The term 'midlife crisis' is sexist

(12 Posts)
OohMavis Sat 08-Oct-16 20:42:07

Had an interesting conversation today with a man who believes that the term 'midlife crisis' is derogatory and misandrist.

The basis of this was that when women of around the same age go off and find new hobbies or interests, learning new skills or sports etc, it's seen as her empowering herself and discovering a new side to her personality; when a man does it it is seen as pathetic and he is made fun of by women and society in general.

Does he have a point?

BIWI Sat 08-Oct-16 20:43:09

No. HTH.

Soubriquet Sat 08-Oct-16 20:43:44

No.
Midlife crisis to me is both sexes

ColdTeaAgain Sat 08-Oct-16 20:44:57

I think he is missing the point of what people mean by midlife crisis.

DonaldStott Sat 08-Oct-16 20:45:08

No, he doesn't have a point.

cardibach Sat 08-Oct-16 20:45:47

'Midlife crisis' doesn't refer to finding new hobbies, though, does it? It refers to buying impractical cars and taking up with younger women. So not the same thing as you describe. Not misandrist, mis-stupidtwatist.

acasualobserver Sat 08-Oct-16 20:46:09

I think men do get their legs pulled a bit on this but I don't think the teasing goes very deep for most of them.

SansasEscape Sat 08-Oct-16 20:48:53

I'm with pp. Its more agist than sexist, both sexes get those comments.

AllPowerfulLizardPerson Sat 08-Oct-16 20:50:00

No, he doesn't have a point.

Because taking the unsettling feelings that might accompany that time of life (and they're not inevitable) and ascribing potential responses to one sex/gender or another shows his limitations.

And I dare say he can find other people with similar limitations for a bit of confirmation bias. Because running off with a younger lover, or buying an unsuitable but flash vehicle are risible for both sexes; pursuing a new creative hobby is not for either.

If you assume that inky one sex is capable of life-affirming growth, then you are being unreasonable. Just as much as assuming only one can make complete prats of themselves.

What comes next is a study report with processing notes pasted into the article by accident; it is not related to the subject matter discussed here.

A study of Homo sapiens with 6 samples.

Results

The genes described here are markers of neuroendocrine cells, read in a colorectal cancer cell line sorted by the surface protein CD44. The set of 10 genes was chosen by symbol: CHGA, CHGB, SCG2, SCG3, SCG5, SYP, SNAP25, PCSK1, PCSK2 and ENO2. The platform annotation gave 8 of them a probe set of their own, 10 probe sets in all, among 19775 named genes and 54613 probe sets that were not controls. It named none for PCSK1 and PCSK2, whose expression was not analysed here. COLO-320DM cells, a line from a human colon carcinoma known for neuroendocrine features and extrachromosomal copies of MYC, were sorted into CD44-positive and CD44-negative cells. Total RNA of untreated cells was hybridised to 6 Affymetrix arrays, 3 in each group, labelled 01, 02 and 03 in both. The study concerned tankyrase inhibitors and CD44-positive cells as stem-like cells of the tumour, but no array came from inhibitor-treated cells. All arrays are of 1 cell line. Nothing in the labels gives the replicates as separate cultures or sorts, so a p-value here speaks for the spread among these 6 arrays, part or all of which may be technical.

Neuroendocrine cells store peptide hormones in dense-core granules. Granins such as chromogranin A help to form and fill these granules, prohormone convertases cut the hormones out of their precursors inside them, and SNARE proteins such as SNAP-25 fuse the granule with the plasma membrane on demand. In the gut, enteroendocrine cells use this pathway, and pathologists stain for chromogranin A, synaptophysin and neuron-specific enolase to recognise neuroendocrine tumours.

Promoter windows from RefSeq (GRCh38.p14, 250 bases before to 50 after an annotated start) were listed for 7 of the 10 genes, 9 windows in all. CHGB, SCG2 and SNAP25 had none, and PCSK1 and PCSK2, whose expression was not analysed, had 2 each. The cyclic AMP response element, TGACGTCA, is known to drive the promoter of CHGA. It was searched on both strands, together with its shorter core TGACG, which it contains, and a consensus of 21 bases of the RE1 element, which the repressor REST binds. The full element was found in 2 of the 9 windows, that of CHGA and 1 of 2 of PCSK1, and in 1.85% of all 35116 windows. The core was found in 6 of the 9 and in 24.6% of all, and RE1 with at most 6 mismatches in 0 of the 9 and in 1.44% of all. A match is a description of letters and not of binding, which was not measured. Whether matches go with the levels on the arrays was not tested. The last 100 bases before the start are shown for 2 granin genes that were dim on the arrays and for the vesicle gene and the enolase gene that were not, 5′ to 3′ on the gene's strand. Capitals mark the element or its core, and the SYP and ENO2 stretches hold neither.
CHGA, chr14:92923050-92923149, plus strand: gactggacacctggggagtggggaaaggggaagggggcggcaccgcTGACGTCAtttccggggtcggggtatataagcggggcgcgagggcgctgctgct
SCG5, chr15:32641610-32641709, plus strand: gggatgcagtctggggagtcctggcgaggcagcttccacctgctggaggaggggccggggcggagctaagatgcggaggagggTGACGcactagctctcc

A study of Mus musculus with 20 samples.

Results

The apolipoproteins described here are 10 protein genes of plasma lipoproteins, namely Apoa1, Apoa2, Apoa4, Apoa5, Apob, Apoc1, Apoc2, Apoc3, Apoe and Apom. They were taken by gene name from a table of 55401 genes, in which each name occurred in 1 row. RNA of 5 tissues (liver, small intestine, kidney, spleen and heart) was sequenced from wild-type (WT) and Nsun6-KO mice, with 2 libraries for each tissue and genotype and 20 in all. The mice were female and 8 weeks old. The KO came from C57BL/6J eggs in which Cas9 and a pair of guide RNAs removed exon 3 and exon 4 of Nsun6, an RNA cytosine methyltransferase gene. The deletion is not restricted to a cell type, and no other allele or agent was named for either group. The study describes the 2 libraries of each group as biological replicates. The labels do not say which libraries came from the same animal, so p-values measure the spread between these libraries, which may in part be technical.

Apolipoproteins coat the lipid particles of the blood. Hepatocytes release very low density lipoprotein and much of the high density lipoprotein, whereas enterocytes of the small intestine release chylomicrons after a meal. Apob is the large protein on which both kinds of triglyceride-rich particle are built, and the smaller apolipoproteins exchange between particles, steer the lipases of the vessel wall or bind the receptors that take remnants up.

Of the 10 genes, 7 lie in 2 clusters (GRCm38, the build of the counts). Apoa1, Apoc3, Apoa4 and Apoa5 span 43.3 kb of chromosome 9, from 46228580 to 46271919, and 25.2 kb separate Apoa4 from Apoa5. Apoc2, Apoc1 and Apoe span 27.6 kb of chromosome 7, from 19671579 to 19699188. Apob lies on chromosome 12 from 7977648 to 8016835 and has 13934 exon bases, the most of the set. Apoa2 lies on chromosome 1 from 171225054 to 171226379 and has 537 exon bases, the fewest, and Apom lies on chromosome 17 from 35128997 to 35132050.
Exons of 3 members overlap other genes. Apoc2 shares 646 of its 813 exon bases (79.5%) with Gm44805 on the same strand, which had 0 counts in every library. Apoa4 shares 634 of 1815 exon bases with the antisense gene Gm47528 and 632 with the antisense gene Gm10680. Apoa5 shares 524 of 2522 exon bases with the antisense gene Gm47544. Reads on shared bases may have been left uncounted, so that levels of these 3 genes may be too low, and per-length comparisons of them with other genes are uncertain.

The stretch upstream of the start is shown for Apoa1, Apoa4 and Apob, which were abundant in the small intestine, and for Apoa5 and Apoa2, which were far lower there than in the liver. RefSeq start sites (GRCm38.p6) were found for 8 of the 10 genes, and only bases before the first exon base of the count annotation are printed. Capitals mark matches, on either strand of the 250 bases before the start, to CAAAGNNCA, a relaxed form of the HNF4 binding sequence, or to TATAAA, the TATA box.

At any age, come to that.

BowieFan Sat 08-Oct-16 21:14:12

I don't think it's sexist as a term but I understand what he means. If a man goes out and buys a sports car or a motorbike, he's having a midlife crisis. If a woman does the same or goes clubbing, she's "finding herself".

Personally, I think both genders should just be allowed what they want to do with their life without being insulted about their choices.

Chikara Sat 08-Oct-16 21:27:09

I agree with him. It is usually said about men and is intended to belittle them.

I have never heard anyone use it to belittle a woman - whatever she does. There are plenty of other terms used about women of course.

I think it links back to man's role as a provider. He was supposed to work until he retired in some boring but high earning job without complaining. The women sorted the kids and the house out and when he retired he "got under her feet" and she hoped he'd spend time on the golf course or the allotment and take her on holidays or weekends away. He served very little useful purpose.

If he dared to spend the money on himself, do something exciting or different, live a little after the years of being a desk slave, he was ridiculed.

The roles were as constraining for women of course and we have done so much to break free of them and those rigid attitudes. There are still some phrases that show there is a way to go - and I think that "mid-life crisis" is one of them.

dinosaursarebisexual Sat 08-Oct-16 22:36:23

I think the term is bullshit and patronising for both women and men. People do the clichés attached to it at all ages. Bloody hate stupid labels that exist to take the Mickey out of people ( even if they are prats).